Mike Montrey Band’s new six-song EP, “In the Middle of Hope,” features a cover drawn by Mike’s young son, Jack. The band will live stream a record release party on Sept. 26 from The Saint in Asbury Park. ARTWORK BY JACK MONTREY
In my opinion, two of the most unsung heroes of rock ‘n’ roll are Gram Parsons & Emmylou Harris, both of whom should be a lot larger than life than they are. That’s why it warms my musical heart to hear Mike Montrey and his sweetheart of the rodeo, Jen Augustine, sing duets because their soulful, pretty, bittersweet harmonies remind me so much of Gram & Emmylou.
Mike Montrey Band’s new EP, “In the Middle of the Hope,” has several heart-warming, spine-rattling, and bone-chilling duets among its impressive six songs. They include “New Mexico,” one of the record’s standouts that would make a Flying Burritos Brother fan cry in their beer. There’s also the emotionally rich “Victoria,” the EP’s latest single, which Mike penned for his musically inspiring Mom, who was taken from him way too soon.
Equally impressive is the EP’s haunting, rousing, soulful first single, “Spirit of Youth,” which, like “Victoria,” was a Makin Waves Song of the Week, but is destined to be one of the best Jersey songs of the year. I love the way Jack Stanton makes his pedal steel talk alongside Mike & Jen’s stirring vocals.
“In the Middle of Hope” also features:
- The roots-rockin’ Johnny and June Carter Cash-like “Tell Me You Love,” which is a suicidal sequel to “Jackson” featuring an amazing dual solo between Jack and Mike, the harmonics of which sound like a fiddle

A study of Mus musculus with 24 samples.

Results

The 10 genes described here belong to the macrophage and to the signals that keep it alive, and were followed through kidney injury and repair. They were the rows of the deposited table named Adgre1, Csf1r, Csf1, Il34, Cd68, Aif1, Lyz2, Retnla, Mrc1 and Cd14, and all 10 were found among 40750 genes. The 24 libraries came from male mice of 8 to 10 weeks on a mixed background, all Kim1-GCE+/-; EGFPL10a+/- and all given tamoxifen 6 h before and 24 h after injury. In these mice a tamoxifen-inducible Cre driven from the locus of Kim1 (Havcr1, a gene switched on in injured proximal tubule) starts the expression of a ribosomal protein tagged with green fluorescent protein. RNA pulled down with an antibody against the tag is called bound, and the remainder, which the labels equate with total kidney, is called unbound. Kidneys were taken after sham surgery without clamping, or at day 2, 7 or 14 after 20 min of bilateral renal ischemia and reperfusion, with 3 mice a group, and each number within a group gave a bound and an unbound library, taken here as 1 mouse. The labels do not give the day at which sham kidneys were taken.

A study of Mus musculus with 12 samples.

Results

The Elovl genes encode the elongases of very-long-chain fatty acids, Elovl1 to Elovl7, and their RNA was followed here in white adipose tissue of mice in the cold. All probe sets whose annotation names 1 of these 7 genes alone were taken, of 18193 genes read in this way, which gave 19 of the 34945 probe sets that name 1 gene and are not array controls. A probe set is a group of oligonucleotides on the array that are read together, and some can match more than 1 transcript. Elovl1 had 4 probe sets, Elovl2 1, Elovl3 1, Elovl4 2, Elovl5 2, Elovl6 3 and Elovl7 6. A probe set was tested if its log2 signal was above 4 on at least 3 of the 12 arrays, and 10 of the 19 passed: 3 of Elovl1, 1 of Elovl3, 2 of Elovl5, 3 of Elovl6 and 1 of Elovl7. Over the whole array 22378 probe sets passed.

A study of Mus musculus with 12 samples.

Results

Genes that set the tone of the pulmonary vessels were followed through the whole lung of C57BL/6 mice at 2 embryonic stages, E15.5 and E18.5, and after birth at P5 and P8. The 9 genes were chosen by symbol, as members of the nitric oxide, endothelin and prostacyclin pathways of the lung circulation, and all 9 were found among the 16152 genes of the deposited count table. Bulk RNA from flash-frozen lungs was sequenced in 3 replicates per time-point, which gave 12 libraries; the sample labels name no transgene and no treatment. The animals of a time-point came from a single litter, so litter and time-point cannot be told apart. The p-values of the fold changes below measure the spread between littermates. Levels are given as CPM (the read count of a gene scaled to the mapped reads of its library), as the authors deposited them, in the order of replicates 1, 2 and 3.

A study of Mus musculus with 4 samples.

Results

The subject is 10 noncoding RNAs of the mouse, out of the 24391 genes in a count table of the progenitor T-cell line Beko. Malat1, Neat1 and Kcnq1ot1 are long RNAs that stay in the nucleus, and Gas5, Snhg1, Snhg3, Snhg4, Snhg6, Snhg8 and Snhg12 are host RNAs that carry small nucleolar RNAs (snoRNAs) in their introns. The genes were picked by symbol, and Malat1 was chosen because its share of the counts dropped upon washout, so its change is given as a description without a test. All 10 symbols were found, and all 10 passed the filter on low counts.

- “Ready to Fall,” funky country-fried doo-wop pop that sounds like a cross between The Jackson 5 and the Burritos
- “Statues and Saints,” a beautiful closing ballad that questions organized religion but offers hope in believing in one’s self and the strength of genuine community.
In addition to Jen and Mike’s inspiring singing and his strong songwriting, what makes “In the Middle of Hope” awesome is Jack’s pedal steel playing, which is so reminiscent of Poco’s Rusty Young and the Burrito Brothers “Sneaky” Pete Kleinow because of its rich, soulful voicing, like their pioneering of country rock. Firing on all cylinders is the rest of MMB: drummer Andy Meyer, organist-pianist Phil Silverberg (who also happens to be the band’s videographer and photographer), and bassist Anthony Duca, who has been playing with Mike since their ’90s jam-band days in Water. Their country-soul permeates Mike’s lyrics with a sense of hope that inspired the title and surely will inspire listeners. Yet, the songs were written pre-pandemic by the prolific, and, dare I say prophetic Mike Montrey.
During the pandemic, Mike Montrey Band, not only have been inspiringly hopeful but also very active, playing Curbside Concerts on demand. You can hit them up for that at email@example.com, and also enjoy them during a record release party on Sept. 26 that will be livestreamed at 5 p.m. from The Saint in Asbury Park to facebook.com/mikemontreyband. Earlier that day, Mike will play AP’s Porchfest, details for which are at apporchfest.org/map-and-schedule/.